How To

How To Treat Severe Hypothermia

Hypothermia is defined as the body’s failure to maintain a temperature of 36 degrees C (97 degrees F).

Exposure to cool or cold temperature over a short or long time can cause hypothermia.

Those who are planning on ice-fishing or doing other cold weather activities should be prepared to treat themselves and others for hypothermia.

Dehydration and lack of food or rest predispose the survivor to hypothermia.

Unlike heatstroke, you must gradually warm the hypothermia victim. Get the victim into dry clothing.

Replace lost fluids, and warm them.

Treatment for severe hypothermia requires a more complicated process and lots of attention.

Maintain the body temperature of victims of severe hypothermia. Improper warming can create a condition called metabolic acidosis that can cause shock and heart failure. Warming should only be preformed in these states by a medical facility.

The critical thing when a person has severe hypothermia is to be gentle with them. Sudden or rough movements, forcing them to move or walk can pull very cold blood from the extremities into the warmer core that can cause shock. You need to be gentle and supportive. Rubbing the skin, moving of the joints should be avoided. This causes more harm than good.

In severe hypothermia, the best hypothermia treatment is best for three people to get under a pile of blankets or in a sleeping bag. Skin on skin contact of the torso works best with a person on each side of the victim. You should ignore their pleas to be left alone or allowed to go to sleep, but be gentle with them.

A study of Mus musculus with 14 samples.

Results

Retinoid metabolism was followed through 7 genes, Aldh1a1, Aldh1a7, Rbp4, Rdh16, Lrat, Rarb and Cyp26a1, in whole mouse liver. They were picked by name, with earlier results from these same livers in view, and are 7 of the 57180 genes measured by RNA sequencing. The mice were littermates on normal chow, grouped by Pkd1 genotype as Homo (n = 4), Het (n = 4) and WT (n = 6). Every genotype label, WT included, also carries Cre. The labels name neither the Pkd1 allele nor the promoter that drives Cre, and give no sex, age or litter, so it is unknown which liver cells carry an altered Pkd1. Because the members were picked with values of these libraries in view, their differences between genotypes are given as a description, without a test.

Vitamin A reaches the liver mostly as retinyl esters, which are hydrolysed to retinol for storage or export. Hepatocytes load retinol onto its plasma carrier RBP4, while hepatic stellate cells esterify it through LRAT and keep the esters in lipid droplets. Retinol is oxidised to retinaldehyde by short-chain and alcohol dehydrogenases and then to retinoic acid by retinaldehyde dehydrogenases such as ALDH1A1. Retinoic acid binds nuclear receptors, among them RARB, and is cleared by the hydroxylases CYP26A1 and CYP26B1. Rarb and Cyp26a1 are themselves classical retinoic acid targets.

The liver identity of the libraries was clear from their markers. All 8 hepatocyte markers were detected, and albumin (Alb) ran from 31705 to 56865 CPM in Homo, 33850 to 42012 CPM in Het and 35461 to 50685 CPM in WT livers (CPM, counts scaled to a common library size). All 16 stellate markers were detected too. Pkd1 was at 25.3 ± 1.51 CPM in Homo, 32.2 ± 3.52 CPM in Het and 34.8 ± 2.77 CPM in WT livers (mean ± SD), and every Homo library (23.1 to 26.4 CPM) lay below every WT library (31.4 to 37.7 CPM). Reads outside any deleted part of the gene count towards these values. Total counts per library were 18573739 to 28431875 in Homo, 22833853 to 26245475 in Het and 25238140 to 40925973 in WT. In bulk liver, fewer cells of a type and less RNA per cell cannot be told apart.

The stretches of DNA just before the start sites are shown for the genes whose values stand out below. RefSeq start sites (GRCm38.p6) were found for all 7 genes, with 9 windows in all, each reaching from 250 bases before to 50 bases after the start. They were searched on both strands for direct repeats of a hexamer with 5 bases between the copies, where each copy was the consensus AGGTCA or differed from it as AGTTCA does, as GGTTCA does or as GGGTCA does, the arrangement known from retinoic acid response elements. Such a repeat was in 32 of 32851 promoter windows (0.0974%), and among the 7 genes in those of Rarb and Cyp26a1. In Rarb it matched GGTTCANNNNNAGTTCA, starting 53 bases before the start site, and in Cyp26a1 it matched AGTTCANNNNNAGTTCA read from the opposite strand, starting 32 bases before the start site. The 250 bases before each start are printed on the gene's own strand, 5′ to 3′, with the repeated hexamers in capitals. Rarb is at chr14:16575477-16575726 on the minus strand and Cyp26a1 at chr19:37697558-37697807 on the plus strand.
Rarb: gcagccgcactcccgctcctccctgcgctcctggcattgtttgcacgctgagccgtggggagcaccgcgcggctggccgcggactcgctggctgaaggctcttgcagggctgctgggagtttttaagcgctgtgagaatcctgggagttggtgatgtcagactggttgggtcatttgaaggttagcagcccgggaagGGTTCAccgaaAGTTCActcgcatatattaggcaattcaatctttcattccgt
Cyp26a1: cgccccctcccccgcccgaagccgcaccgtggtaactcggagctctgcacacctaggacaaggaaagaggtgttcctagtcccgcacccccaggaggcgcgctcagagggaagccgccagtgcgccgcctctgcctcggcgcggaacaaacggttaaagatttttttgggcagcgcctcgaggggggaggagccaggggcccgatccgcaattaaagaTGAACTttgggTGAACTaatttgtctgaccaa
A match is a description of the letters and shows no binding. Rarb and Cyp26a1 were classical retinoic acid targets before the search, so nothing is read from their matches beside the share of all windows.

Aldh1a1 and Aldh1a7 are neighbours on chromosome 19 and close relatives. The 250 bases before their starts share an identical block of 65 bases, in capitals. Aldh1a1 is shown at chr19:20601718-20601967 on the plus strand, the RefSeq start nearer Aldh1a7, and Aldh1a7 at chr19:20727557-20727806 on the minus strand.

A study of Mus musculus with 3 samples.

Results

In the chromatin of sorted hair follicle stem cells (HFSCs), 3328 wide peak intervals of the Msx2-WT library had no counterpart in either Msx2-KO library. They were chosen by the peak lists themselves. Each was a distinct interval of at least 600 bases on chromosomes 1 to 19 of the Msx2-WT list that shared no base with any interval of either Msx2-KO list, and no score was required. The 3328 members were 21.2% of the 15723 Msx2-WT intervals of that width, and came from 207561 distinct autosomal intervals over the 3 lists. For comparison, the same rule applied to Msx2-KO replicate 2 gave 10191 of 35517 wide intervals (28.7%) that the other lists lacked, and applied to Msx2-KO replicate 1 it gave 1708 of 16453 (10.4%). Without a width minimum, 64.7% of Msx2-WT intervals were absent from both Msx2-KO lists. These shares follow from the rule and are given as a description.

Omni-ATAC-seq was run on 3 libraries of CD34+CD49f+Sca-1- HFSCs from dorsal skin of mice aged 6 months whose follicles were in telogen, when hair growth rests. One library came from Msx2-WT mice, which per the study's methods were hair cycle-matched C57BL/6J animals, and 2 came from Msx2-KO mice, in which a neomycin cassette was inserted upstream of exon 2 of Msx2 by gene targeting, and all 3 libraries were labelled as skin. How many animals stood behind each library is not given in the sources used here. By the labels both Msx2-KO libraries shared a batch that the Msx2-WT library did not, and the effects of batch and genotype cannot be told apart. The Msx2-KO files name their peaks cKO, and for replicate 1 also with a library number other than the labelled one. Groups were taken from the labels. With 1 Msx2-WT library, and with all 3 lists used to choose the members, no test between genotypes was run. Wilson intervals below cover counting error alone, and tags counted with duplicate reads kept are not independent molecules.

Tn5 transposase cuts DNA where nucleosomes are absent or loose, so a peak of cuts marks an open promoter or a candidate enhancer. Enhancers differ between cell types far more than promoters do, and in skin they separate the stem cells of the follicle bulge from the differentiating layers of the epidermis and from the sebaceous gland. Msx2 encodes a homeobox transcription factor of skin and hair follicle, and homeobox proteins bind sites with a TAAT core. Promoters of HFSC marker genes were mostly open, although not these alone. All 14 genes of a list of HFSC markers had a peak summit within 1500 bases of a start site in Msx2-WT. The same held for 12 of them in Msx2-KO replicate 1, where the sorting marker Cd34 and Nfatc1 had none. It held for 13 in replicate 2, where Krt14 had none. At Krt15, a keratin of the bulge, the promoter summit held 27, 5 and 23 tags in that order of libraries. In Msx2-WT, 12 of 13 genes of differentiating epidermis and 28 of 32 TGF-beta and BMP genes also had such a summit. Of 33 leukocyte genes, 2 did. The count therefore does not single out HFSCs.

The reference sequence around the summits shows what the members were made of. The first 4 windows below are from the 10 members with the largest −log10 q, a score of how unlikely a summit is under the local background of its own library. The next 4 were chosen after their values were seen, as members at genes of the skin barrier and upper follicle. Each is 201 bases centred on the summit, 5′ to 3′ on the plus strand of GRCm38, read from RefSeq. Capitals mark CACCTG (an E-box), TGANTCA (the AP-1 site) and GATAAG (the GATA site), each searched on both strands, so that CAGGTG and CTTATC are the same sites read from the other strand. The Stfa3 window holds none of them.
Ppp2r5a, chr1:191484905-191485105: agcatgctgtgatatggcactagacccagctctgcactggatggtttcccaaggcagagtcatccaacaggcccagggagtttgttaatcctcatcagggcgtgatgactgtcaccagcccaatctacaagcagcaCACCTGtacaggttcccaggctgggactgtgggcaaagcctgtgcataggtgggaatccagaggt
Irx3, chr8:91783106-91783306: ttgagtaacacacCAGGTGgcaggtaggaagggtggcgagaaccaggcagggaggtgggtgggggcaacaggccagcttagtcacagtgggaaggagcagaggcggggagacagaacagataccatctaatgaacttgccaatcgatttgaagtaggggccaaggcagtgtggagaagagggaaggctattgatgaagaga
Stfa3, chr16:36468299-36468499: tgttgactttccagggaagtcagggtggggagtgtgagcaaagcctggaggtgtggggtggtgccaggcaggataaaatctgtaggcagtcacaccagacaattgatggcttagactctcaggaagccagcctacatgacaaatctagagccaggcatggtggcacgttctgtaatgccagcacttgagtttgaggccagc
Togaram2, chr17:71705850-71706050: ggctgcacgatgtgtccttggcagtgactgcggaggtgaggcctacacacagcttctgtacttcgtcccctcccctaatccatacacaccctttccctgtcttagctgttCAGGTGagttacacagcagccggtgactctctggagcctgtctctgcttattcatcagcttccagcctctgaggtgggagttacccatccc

You should not administer fluids or make any other attempts to increase body temperature.

Maintaining temperature and preventing further loss is the most important thing.

If a person becomes unconscious from hypothermia monitor their breathing and pulse carefully.

Summon an Emergency Response Team.

If you can detect a faint pulse do not do CPR to support their heart. Only start rescue breathing, chest compressions or full CPR if you cannot detect any breathing, any pulse or both. Check frequently to see if they start breathing on their own, even if it is shallow, the same for a pulse.

Administering CPR to someone, even someone with a slight pulse can cause his or her heart to stop.

Remember, make all efforts to keep them alive until help arrives, they have been warmed and declared dead. People have recovered in morgues from hypothermia and have had profoundly low body temperatures and still recover.

Never give up hope with a hypothermia victim that does not have any other serious medical complications (like severe injuries from a fall or extreme altitude sickness).